Nova Scotia

Province’s decision to scrap Coastal Protection Act leaves gaps in municipal planning

The Nova Scotia government’s decision to scrap the Coastal Protection Act has left some large gaps in municipal planning documents.

Most municipalities had expected the legislation approved by all parties in the legislature in 2019 to eventually be proclaimed into law, along with a series of regulations. Their planning strategies and land use bylaws reflect that.

Now they’re waiting for clarification about how and where people can build along the shoreline, and what the province’s decision to download responsibilities onto municipalities will mean in practice.

“The issue of enforceability around what was being formally proposed and what is currently being proposed is something that municipalities, and certainly our municipality, had red-flagged,” said Richmond County Warden Amanda Mombourquette.

“We certainly feel that if it’s a provincial regulation, it needs to be a provincial resource that is provided to conduct enforcement.”

The provincial government says other environmental laws and tools that weren’t in place in 2019 will achieve the same purpose as the shelved act. The province has issued a coastal development guide and a flooding hazard map.

The province also plans to supply municipalities with examples of text that could be used in land use bylaws to guide coastal development.

A provincial spokesperson said work on that will be done “over the next several months.”

‘The jury’s still out’

Coastal development is often a hot topic in Cape Breton, where municipalities have coastlines along the ocean and in the interior along the Bras d’Or Lake, said Mombourquette.

Some property owners were looking forward to clarity and consistency of rules around coastal development, but others were happy with the status quo, she said.

Richmond County Warden Amanda Mombourquette says council passed its new planning strategy and land use bylaw despite the province’s move to scrap the act. (Submitted by the Strait Area Chamber of Commerce)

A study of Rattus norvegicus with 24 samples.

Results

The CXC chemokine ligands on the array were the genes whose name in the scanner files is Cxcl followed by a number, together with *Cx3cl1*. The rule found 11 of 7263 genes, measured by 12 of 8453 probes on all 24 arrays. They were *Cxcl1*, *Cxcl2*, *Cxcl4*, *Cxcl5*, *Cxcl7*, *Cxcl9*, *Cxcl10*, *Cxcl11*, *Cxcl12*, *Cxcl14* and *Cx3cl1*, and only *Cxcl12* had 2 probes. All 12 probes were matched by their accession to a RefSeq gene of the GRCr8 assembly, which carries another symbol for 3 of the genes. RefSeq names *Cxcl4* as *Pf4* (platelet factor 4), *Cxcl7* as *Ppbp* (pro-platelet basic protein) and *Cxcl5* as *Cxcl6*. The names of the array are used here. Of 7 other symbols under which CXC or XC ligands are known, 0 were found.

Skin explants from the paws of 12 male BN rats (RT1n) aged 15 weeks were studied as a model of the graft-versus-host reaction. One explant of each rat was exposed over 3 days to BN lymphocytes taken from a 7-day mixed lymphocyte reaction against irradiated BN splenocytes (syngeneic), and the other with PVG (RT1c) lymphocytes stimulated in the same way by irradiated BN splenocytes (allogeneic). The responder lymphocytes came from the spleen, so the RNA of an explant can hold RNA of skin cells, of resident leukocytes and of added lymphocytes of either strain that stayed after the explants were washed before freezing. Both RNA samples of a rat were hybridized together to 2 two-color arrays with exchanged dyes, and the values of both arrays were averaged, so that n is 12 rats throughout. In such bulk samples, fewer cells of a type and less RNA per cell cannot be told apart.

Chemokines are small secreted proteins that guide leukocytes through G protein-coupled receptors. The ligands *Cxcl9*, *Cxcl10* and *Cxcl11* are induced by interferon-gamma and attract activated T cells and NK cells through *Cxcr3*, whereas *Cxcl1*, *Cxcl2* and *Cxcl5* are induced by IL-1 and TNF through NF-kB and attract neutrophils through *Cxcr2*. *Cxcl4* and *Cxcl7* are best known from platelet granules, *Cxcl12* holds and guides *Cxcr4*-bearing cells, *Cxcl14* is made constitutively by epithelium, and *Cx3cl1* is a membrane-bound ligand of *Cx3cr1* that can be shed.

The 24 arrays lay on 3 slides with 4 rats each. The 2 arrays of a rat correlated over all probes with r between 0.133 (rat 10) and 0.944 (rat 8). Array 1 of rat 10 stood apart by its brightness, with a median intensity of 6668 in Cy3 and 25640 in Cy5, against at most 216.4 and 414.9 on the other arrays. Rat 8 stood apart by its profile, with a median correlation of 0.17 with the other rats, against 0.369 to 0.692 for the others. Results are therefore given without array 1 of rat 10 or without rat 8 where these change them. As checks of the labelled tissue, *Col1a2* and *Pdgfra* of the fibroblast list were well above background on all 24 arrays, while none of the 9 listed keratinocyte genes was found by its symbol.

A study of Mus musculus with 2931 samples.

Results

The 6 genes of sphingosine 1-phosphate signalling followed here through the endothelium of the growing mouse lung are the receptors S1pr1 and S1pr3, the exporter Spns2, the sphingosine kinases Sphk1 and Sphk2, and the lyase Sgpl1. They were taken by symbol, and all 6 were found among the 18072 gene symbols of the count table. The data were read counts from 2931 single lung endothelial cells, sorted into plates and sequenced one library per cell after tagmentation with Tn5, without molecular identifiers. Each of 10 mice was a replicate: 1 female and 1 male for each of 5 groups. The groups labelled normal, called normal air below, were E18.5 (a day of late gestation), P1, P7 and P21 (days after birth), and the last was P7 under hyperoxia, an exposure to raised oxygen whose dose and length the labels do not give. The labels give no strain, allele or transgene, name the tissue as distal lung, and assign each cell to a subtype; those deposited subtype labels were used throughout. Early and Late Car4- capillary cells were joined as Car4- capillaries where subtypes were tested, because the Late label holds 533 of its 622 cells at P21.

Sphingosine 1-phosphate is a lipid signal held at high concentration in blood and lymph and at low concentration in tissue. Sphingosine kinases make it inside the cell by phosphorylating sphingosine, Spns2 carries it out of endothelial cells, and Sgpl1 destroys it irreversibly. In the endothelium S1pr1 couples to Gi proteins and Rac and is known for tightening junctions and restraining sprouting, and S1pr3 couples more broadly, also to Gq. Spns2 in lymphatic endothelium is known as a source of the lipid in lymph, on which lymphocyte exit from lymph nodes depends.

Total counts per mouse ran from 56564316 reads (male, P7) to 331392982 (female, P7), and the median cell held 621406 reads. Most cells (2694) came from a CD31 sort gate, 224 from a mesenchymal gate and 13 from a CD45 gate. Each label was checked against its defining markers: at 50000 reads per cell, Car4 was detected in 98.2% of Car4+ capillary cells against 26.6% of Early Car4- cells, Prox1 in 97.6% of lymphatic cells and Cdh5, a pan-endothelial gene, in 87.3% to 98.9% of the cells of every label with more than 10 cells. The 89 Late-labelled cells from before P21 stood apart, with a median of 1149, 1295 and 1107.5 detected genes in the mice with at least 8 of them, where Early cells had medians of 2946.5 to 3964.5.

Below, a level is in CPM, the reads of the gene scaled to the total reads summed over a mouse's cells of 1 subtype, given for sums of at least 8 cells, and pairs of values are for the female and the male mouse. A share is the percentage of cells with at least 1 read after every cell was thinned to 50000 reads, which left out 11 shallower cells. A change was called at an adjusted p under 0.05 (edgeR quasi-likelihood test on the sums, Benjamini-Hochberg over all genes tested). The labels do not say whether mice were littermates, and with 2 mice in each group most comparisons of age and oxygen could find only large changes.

Now that’s all up in the air for land owners, and it raises questions about the responsibility for — and cost of — enforcement for municipalities.

“The jury’s still out for us,” Mombourquette said. “We’ve got our Eastern District Planning Commission team looking at this a little more closely and it will certainly be a topic of conversation.”

Cape Breton Regional Municipality overhauled its municipal planning strategy and land use bylaw last year under a process called CBRM Forward.

The new documents made major changes to development guidelines and regulations, but deferred to the provincial Coastal Protection Act when it comes to development along the shoreline.

Spokesperson Christina Lamey said development does not grind to a halt without new legislation and regulations, because CBRM has a minimum setback for building on the coast.

“But it’s not the comprehensive strategy that was anticipated,” she said.

A woman with long brown hair wearing a cream coloured jacket sits in front of a sunny window.
CBRM spokesperson Christina Lamey says staff are considering whether to develop their own coastal regulations, but that would be a significant undertaking. (Tom Ayers/CBC)

CBRM planning staff are considering whether to develop their own coastal regulations or wait for further direction from the province, but Lamey said going it alone would be a challenge.

“It would be a significant undertaking to come up with a comprehensive coastal strategy that would only ultimately apply to CBRM,” she said.

While Halifax and CBRM have had planning strategies and land use bylaws for years, it was only recently that the province made them mandatory for rural municipalities.

Richmond County council approved its planning documents last month, the same day Environment Minister Tim Halman announced the province would not be proclaiming the Coastal Protection Act.

Decision to abandon Coastal Protection Act draws fire

Opposition parties and environmental groups alike criticized the Nova Scotia government on Monday after it announced that, five years after it passed with all-party support, it would not proclaim the Coastal Protection Act.

Mombourquette said council was left with little choice but to proceed with a new bylaw for land use, because it was unclear what the province intended by abandoning the legislation and regulations.

“We didn’t feel like we knew enough about what the new direction was going to be to completely change tack at that point,” she said.

Inverness and Victoria counties have created drafts of their plans, but they have not been finalized yet.

All anticipated the Coastal Protection Act would regulate building along a shoreline.